Litigation is expensive. Without financing, many firms lack the resources to bring meritorious actions to trial or to attain a lucrative settlement in the best interests of a contingency fee plaintiff. This reality has been further complicated by the ongoing credit crisis. Law firms, like other small or entrepreneurial businesses, have experienced a reduction in the general availability of loans (or credit), or seen a sudden and unreasonable tightening of the conditions required to obtain financing from banks and traditional lenders.
Firms which previously were able to rely on a line of credit or loan from a traditional bank or lender have found such avenues of financing drying up or no longer available. At the same time, clients continue to look for alternative bases to finance bringing litigation over the anticipated years of concentrated warfare that litigation sometimes requires. Plaintiff firms, in particular, need resources in order to combat the traditional “war of attrition” waged by large firms on the defense side. What alternatives exist for law firms in this economy?
A contingency fee practice with the attendant costs of litigation is often understood as a “feast or famine” proposition that creates severe cash flow problems and financial uncertainty for trial attorneys and law firms. In even the best of times, many practitioners are forced to mortgage their own real property or pledge other assets to collateralize a personal loan that is then used to support the law practice.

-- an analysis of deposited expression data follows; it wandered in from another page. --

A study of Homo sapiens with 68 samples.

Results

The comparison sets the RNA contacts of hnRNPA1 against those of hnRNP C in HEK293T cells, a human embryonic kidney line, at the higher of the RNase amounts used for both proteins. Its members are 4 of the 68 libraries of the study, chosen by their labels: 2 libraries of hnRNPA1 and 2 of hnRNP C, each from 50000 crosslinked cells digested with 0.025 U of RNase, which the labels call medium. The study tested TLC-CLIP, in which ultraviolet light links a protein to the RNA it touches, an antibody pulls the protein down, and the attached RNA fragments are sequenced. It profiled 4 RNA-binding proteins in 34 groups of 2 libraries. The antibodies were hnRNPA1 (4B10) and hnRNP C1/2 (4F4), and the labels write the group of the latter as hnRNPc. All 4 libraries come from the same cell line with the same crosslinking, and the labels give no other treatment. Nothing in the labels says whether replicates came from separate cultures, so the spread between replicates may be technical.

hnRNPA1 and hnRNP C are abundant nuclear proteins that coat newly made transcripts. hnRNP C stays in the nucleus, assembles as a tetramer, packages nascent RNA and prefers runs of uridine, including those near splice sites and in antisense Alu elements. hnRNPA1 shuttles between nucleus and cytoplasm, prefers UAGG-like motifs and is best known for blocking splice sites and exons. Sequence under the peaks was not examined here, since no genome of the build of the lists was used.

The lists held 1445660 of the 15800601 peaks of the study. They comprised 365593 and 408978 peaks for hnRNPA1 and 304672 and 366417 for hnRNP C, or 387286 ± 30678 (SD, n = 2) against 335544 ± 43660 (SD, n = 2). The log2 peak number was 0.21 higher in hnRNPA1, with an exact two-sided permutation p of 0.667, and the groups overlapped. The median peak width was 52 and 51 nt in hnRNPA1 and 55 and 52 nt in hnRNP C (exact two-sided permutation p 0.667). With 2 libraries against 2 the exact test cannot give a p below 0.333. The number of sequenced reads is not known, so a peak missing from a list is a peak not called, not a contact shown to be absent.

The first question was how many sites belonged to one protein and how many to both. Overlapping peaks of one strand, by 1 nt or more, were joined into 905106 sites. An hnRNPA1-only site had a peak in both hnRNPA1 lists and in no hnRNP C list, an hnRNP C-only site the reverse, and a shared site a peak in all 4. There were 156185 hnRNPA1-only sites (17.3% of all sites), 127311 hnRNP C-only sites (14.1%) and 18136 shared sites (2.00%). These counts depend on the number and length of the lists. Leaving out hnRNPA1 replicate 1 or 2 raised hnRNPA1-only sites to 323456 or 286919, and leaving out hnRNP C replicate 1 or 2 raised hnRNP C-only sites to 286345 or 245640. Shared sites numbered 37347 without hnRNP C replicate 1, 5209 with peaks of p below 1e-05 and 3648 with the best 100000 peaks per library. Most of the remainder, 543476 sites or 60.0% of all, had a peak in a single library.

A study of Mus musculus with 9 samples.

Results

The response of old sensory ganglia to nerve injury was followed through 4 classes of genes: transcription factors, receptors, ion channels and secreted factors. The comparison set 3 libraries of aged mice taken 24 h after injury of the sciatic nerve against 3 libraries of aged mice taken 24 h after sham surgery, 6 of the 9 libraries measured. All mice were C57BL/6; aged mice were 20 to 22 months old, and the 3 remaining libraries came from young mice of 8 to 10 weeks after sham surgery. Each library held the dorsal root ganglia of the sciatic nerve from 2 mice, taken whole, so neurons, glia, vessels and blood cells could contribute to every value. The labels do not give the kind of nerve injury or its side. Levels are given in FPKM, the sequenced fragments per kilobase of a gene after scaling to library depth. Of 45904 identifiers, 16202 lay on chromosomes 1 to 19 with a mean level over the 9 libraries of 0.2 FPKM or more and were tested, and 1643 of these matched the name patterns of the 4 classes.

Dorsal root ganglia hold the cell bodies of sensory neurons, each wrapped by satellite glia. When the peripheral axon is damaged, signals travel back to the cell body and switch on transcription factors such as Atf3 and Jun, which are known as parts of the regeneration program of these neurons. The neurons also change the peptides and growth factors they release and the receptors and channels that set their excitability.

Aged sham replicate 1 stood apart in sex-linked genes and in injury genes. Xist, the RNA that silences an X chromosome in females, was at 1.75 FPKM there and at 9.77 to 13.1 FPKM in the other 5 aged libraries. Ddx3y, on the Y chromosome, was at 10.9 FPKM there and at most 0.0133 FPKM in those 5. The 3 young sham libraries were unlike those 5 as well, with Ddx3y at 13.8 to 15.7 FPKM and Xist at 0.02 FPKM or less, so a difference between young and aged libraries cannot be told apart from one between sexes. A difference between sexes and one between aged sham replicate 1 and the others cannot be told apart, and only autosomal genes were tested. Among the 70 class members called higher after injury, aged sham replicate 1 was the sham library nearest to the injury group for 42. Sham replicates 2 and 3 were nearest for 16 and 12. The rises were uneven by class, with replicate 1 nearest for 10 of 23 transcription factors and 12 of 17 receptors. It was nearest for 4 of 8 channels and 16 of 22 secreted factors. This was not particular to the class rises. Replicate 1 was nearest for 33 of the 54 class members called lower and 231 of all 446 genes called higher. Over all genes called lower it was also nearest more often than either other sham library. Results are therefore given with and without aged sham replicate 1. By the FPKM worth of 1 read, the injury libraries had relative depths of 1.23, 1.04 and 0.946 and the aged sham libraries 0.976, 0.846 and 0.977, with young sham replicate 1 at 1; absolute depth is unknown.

Banks rarely recognize the value of future contingency fees as collateral. Banks cannot and will not make law firm loans or attorney lines of credit based solely on the value of pending case inventory. The lending decisions of banks are based primarily on the personal credit of the individual partners and the value of the attorneys' personal assets. When banks do partake in law firm funding, they usually lend a limited amount that is often inadequate to support firm objectives, so partners are still required to contribute personal capital-and shoulder the risk.
Banks also file a broad UCC lien against the assets and "general accounts" of the law practice, encumbering the firm's future fees while at the same time refusing to lend an amount that is truly reflective of the full value of those fees. Banks usually insist that the equity partners sign guarantees, making them personally liable to repay the loan no matter what their case outcomes may be.
Law firms looking to grow their practice cannot count on traditional lenders to support such efforts in this economy. They must look to alternative lawsuit financing options, which we will discuss in part 2 of this article.